Sasha Kamenetska | Contributor
April 02, 2013

Merging the Mobile and Physical Shopping Experience Through Apps and APIs


Success in retail equals selling more and more “things”.  For traditional brick and mortar retailers, that means getting people in the doors and keeping them there long enough to make a purchase.   With the advent of the Internet, these traditional retailers have had to adapt and create websites to allow their shoppers to shop online.  Now that the vast majority has figured out websites, mobile is bringing a new threat to the traditional retail model.

Here at Mashery, we like to talk about how APIs can help retailer’s transition into this post-website, mobile world by making it easier to create apps.  Often, the focus is on the mobile shopping experience, with good reason.  In 2012, mobile commerce sales hit almost $25 billion, and are expected to keep rising to hit $86 billion by 2016.

Retailers absolutely have to focus on their mobile shopping experiences.  What often seems to get forgotten, however is that shoppers still go to physical stores.  And that mobile can play a role in the in-person shopping experience as well. 

In the past year, there has been a 50% increase in the use of smartphones to access retail-related information.  Many retailers are concerned about this trend, since much of this increase in smartphone usage can be attributed to “showrooming” – a behavior that consists of a shopper coming in to a store to see a product only to purchase it online.  However, one study by Deloitte found that consumers who use their smartphones while in a store are 14% more likely to make a purchase in that store and are 33% more likely to make a purchase from that store if they access a store’s own website or app from their smartphone.  That’s a nice boost in sales.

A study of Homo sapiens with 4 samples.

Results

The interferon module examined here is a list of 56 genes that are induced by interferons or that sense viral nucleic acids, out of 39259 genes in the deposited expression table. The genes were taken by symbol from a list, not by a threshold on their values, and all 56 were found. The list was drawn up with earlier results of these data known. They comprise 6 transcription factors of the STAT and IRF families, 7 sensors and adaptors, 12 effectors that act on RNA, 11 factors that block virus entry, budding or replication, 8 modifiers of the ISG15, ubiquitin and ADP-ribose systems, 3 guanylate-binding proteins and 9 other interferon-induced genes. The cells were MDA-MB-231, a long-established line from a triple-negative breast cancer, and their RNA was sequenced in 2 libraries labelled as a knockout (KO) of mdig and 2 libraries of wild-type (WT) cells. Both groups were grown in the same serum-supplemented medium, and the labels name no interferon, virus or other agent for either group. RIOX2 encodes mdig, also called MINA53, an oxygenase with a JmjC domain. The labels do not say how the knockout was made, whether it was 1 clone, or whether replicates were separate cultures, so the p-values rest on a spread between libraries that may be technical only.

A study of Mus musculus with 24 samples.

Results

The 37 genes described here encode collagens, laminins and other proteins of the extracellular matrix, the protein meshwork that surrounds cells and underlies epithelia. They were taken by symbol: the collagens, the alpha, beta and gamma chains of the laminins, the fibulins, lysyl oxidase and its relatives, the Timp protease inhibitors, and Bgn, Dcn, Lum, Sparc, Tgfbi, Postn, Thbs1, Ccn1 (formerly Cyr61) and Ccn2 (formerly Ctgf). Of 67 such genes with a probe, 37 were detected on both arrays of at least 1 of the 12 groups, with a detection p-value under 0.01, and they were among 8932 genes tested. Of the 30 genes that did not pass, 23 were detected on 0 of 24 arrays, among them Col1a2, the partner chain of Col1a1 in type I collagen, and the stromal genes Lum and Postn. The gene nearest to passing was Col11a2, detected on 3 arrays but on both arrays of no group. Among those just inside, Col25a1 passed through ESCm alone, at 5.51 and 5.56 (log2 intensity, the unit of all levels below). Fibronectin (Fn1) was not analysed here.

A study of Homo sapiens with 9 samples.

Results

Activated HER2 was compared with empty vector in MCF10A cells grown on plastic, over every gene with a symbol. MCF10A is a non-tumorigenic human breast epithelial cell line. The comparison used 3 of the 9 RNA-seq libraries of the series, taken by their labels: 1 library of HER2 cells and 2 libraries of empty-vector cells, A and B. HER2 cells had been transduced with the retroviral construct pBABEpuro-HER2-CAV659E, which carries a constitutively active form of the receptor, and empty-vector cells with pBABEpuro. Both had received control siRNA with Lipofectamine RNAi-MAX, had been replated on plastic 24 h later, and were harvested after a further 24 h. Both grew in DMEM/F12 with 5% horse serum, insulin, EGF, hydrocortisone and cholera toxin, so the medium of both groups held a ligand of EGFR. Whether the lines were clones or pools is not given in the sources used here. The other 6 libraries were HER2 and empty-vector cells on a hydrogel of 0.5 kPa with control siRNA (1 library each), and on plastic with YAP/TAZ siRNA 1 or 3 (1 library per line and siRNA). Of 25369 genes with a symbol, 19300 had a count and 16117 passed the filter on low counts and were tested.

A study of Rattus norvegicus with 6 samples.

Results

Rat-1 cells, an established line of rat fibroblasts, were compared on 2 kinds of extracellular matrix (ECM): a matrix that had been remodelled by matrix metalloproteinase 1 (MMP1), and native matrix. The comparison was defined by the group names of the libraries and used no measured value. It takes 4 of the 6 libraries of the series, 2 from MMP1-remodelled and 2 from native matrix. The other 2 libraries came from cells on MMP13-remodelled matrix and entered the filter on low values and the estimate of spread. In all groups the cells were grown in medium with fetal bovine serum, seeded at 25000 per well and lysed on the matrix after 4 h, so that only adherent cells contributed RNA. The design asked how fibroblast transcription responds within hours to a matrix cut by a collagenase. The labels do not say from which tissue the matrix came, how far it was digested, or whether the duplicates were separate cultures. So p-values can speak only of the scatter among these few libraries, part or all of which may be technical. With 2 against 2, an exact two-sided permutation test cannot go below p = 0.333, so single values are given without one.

Retailers like the make-up giant, Sephora, are catching on and creating apps not only to drive mobile purchases but also to engage and aid users in their in-store shopping experiences.  What retail chains are starting to realize is that the physical and mobile shopping experiences are converging. 

Consumers like to do everything with their mobile device (watch TV, eat, exercise, etc.).  Shopping is no different.  As Mashery’s own CEO, Oren Michels says, apps should grant wishes.  Shoppers in a store have a number of wishes that can be addressed through apps: making a purchase, checking inventory, getting product information, accessing coupons, gift cards, discounts, etc.   By creating apps that grant these wishes to shoppers at their stores, retailers can greatly improve the shopping experience and therefore, increase sales.  And what retailer wouldn’t want to do that?